GM is forcing Holden to convert the Camaro to right-hand drive to put a dent in Mustang sales.
There’s really no argument over the fact that Henry Ford was one hell of an innovator, thinking outside the box to bring the automobile to the masses by streamlining production. However his thinking style has persisted even to this day. It was made apparent when Ford, having accurately gauged the postwar consumer climate, decided to go forward with the Mustang. It took until 2015, nearly 51 years after the first ‘Stang came off the line, for the pony car to go global.
Now that it has, it’s unlikely that Ford will look back. That means that, just like it did just after the Mustang was released, General Motors is playing catch up. If cars like the Holden Commodore SSV are indicative of anything, it’s that Australia loves its muscle cars. And now that Holden has ceased engine and vehicle production and shifted responsibilities to become the General’s Australian import and sales wing, the firm is eying to use the Camaro as a stopgap for the muscle car demand. Australia’s has discovered a pair of Camaros imported from the Red White and Blue roaming around Holden’s Special Vehicles division waiting for a right-hand drive conversion.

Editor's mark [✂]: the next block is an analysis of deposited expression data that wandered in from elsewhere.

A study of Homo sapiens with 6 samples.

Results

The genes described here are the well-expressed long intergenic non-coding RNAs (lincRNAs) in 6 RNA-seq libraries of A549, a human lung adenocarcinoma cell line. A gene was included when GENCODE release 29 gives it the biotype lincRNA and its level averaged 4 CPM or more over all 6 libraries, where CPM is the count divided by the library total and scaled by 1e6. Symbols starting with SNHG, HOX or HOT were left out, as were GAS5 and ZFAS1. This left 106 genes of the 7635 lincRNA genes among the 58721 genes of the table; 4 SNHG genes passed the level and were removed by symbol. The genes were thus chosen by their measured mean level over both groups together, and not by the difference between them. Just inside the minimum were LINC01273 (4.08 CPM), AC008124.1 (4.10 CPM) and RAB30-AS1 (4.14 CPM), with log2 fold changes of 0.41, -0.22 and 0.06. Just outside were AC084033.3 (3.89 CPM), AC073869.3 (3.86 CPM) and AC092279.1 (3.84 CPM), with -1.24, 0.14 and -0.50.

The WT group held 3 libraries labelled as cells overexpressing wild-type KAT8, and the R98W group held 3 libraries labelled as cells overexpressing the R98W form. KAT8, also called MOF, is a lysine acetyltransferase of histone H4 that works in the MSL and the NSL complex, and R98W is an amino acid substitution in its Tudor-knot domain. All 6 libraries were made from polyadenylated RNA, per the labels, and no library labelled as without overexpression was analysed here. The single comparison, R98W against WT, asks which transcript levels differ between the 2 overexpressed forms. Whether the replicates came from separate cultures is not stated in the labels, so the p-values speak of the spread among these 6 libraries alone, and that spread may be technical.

This contradicts previous reports that indicated that HSV would hold off on right-hand drive Camaro imports until the next generation global Camaro came out in 2022. Given that Camaro sales have recently slowed down in the US, GM may be desperate to pump its muscle car into foreign driveways to drive sales numbers up. Moreover, the right-hand drive Mustang has managed to surge well past Ford’s sales estimates for the region, giving GM more incentive to hurry up and sell the Camaro abroad. Unfortunately, the fact that the current Camaro isn’t engineered to be a right-hand drive vehicle means that it’ll come with a huge inherent downfall against the right-hand drive Mustang, which is available in Australia.
That would be cost. As one might imagine, right-hand drive conversions are not easy and therefore don’t come cheap. Melbourne-based tuner Crossover Car Conversions to right-hand drive for $50,000. HSV hasn’t announced specific pricing for the conversion, but claims that the finished product will cost as much as $20,000 Australian Dollars ($15,666 USD) more than an equivalent Mustang. Without a doubt, that’ll push the Camaro far behind in sales compared to the Mustang, but Chevy will at least have the opportunity to establish a foothold. Not like it’ll be a big one, with production constraints limiting output to 1,000 right-hand drive Camaros per year. Happy drag racing, Australia.